Across what might have been insurmountable barriers of race, culture, and experience, it was a time of communion, says Troxler. “The oneness in Christ was palpable.”

The reach of that hospitality became clear on the first night of the trip. When the group stopped in Ozumba, just outside Mexico City, their guide invited them to a special service led by the women of the Methodist church where her husband was pastor.

Although they expected to hear only a brief word of welcome, the visitors were led to the altar, where members of the church laid hands on them and prayed over them.

Photo courtesy of Jeremy Troxler/
Thriving Rural Communities
Edgardo Colón-Emeric D’97, visiting with worshippers following the service at Reconciliation UMC in Durham. He provides simultaneous Spanish translation during weekly worship.

“Everywhere we went we were offered hospitality,” said Leah Skaggs D’09. “But more than the hospitality one would expect to find while traveling on a pilgrimage or mission, we also found community through the connection to our Wesleyan heritage.”

Methodists, a tiny minority among a Mexican population that is 95 percent Catholic, share a powerful bond, says Colón-Emeric.

“It’s something we [Methodists in the United States] sometimes take for granted,” he says. “We move in many different societies and groups: school, church, sports leagues, and other groups.”

In a population of more than 100 million Mexicans, the country’s Methodists number fewer than 100,000. For them, says Colón-Emeric, “Methodism is the primary social identity.”

An important aspect of the trip was the group’s effort simply to learn and experience fellowship, Troxler says. They did not come to Mexico to teach or build houses, or to dispense medicine or clothes.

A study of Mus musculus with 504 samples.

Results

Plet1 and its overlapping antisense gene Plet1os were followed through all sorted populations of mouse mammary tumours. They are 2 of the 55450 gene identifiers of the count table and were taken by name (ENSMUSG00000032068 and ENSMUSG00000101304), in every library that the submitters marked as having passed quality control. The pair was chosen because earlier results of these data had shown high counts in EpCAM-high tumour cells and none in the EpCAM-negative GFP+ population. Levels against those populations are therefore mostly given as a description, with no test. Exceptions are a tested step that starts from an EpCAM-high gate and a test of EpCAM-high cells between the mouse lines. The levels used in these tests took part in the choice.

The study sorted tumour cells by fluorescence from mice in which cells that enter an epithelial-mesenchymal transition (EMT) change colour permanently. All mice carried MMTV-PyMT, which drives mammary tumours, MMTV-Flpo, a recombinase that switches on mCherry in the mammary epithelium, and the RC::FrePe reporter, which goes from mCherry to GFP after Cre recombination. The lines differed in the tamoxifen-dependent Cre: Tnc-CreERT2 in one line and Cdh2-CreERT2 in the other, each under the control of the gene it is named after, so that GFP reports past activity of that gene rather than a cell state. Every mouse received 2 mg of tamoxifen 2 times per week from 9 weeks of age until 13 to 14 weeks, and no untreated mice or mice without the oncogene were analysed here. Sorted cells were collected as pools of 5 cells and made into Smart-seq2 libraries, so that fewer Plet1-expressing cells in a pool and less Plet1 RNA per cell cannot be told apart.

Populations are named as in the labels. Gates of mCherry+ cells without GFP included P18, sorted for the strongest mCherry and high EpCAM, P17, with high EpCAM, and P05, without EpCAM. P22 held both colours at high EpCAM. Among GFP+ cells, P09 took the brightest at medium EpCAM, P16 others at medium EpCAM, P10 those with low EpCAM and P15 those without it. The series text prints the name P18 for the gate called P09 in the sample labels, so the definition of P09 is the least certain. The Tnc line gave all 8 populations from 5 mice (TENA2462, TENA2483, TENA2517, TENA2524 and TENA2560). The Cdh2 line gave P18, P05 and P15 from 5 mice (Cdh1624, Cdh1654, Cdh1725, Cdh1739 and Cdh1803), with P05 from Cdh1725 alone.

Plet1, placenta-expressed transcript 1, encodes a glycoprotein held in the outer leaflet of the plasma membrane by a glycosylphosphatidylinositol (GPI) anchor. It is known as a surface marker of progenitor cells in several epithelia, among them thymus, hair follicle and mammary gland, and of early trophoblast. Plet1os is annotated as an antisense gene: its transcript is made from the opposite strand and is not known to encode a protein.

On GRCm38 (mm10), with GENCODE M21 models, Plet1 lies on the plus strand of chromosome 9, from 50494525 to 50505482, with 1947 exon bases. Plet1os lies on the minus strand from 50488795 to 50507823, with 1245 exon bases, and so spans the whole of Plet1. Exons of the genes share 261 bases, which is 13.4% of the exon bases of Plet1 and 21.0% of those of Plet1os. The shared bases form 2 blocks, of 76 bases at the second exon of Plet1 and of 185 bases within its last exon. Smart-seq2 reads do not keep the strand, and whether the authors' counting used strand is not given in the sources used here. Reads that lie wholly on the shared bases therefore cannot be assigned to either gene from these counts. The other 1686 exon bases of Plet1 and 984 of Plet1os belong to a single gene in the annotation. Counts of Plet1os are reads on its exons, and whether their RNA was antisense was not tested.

“So often on trips to other countries, we’re there as the givers and the people we’re visiting are the receivers,” he says. “I think people realized that we were there to listen. That was our posture: ‘We really would like to learn from you.’ Not ‘We’re here to save you, build a church, give you money.’”

That was especially clear in Huitzapula, where the leader of the mission instructed the group from North Carolina not to give away material things.

“Pastor Manuel called us to come and share the gospel with his people,” Skaggs says. “He did not ask us to bring things or money. ‘First bring the gospel,’ he said. ‘Then, the resources will be through the sharing of that good news.’”

Colón-Emeric hopes the success of Encuentro will lead to other trips and closer relationships between the Divinity School and Mexico’s Methodist Church.

In addition to their exposure to Spanish, other languages, and Mexican culture, visitors from Duke can learn and draw inspiration from the great diversity within Mexico’s Methodist Church.

“It’s more charismatic in the north and more traditional in the south, but it’s strong in both places,” says Colón-Emeric. “I thought that diversity was important for us to see. People here sometimes think Hispanic Methodism can only thrive if it’s Pentecostal. But it’s diverse there.”